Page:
King’s Court, a Royal Success

King's Court
Fans in the King's Court cheer on Felix Hernandez during his first ever Safeco Field at-bat.

Besides a renaissance fair, the only other place today where you might find grown men and women dressed up as court jesters and passing around a turkey leg is the “King’s Court.”

This new seating arrangement is being touted as the latest and greatest innovation by a Mariners marketing team that certainly knows how to get butts in the seats, despite the team’s lackluster performance the last several years.

The King’s Court is a special section at Safeco Field for the 2011 season in which fans cheer loud and proud, not only for 2010 A.L. Cy Young award recipient “King” Felix Hernandez during each of his home starts, but for the rest of his teammates as well.

Fans dressing up as royalty or as Felix’s commercialized alter-ego “Larry Bernandez,” and creating signs such as “King Felix will kick your royal highness,” have been the most redeeming features of the King’s Court thus far.

Even better is the prize for best costume: a turkey shank delivered on a silver platter. It is beyond hilarious to see the winner take a big, juicy bite and pass it down the aisles to share the trophy. This has got to be the most unique and ingenious stadium promotions I’ve ever seen.

The King’s Court is the brainchild of Gregg Greene, the team’s marketing director. “We have one of the best pitchers in the game in Felix,” Greene told Mariners’ beat reporter, Geoff Baker. “Every time he pitches, it’s an event. And we wanted to create an event around Safeco Field and each of his starts.”

Safeco Field has typically been known as a docile, almost sterile atmosphere for fans. Gestapo-like ushers have been known to roam the stands and scold people for cheering too loudly or showing even remote signs of inebriation. Some fans just seem uninterested in cheering.

Since its inaugural homestand in 1999, Safeco has been known more for its family friendly confines and notorious reputation as a pitcher’s park than its status as a place for hardcore fans to have fun rooting loudly for their team.

With the King’s Court, one feels that the Mariners marketing team has finally taken a page out of the Sounders’ and Seahawks’ book by allowing rambunctious fans to participate in organized cheering sections.

Baseball fans shouldn’t be forced to be the “sit on your hands” type. Just look at what the crowds of the Nippon Baseball League in Japan do during games.

On June 24, Hernandez would become the first Mariners pitcher to hit at Safeco Field in a real live game, thanks to a scheduling conflict that forced the Marlins to play a home series on the road.

Hernandez singled into right field in his first at-bat and caused the King’s Court to erupt in cheers. His 10 strikeout performance in a 5-1 Mariners victory wasn’t too shabby either. King’s Court fans raised their “K” signs and chanted in unison during every two-strike count on Marlins hitters.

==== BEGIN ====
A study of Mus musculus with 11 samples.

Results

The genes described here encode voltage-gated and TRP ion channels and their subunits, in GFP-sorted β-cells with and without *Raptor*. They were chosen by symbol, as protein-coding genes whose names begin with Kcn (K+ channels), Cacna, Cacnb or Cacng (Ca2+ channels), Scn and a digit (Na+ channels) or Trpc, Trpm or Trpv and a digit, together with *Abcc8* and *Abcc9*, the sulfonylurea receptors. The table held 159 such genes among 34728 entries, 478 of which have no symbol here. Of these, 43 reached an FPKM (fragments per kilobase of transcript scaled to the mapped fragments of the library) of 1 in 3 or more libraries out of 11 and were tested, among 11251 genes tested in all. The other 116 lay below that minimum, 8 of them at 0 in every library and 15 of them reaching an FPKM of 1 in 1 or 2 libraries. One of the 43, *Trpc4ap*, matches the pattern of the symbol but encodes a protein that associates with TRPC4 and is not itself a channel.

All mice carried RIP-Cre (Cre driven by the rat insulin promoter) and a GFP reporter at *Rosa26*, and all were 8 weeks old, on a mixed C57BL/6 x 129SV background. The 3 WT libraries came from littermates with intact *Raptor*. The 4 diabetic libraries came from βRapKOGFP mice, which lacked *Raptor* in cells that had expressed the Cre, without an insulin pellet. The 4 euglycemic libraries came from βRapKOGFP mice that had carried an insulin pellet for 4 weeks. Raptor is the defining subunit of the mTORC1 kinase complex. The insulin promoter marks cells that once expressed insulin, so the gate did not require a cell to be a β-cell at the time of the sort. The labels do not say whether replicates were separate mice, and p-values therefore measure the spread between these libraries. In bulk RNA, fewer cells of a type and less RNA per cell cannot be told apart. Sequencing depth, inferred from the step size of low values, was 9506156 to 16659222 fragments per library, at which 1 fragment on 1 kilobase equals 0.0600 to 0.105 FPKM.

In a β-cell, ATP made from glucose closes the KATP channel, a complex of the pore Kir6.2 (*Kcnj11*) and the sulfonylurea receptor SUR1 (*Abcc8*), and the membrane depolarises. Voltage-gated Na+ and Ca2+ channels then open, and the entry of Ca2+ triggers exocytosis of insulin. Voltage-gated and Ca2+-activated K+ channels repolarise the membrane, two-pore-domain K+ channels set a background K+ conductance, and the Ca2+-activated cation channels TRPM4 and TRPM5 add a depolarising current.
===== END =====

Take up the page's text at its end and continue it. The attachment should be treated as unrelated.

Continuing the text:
During the ninth inning of the same game, King’s Court faithful began an “Olivooo…Oh Oh!” chant for Mariners catcher Miguel Olivo. Olivo rewarded their vocalized efforts with a two-run blast into the left field bleachers just mere feet from where the King’s Court was stationed. Needless to say, this only riled them up even further.

After the game, Mariners players signed the praise of the newly developed King’s Court to the media. Olivo was thrilled with the chants from left field and didn’t want to disappoint his biggest fans. “They got me going,” said the veteran backstop. “I heard that and when I missed the first fastball I said, ‘Man, I cannot strike out right here.’ They were excited for me. I’m glad when I hit that ball, they cheered even more. That meant a lot to me,” Olivo added. “That’s the first time people did that to me in my career. I’m very happy and thankful for it.”

Hernandez gave his own personal cheering section a shout out saying, “It was unbelievable today. That was loud. They were pretty good. The King’s Court is awesome right now.”

Tickets for seats in the King’s Court are surprisingly cheaper than they would be for a start by any other Mariners’ pitcher. They are typically $40 but the team has decided to drop the price by $10 for the promotion. If that weren’t enough incentive, fans also receive a collectible yellow t-shirt with “King Felix” printed on it in blue, and a yellow and blue “K” sign.

Greene said fan enthusiasm has more than exceeded expectations. Ticket demand for the King’s Court has caused the team to expand the seating arrangements from two sections to three (Sections 150-152). “They’re becoming part of Safeco Field lore with all the things they’ve done,” he said of the fans.

Mr. Greene should stand up and take a bow (and request a raise), for his idea has, without a doubt, struck gold at Safeco Field and perhaps single-handedly changed the reputation of baseball fans in the Emerald City.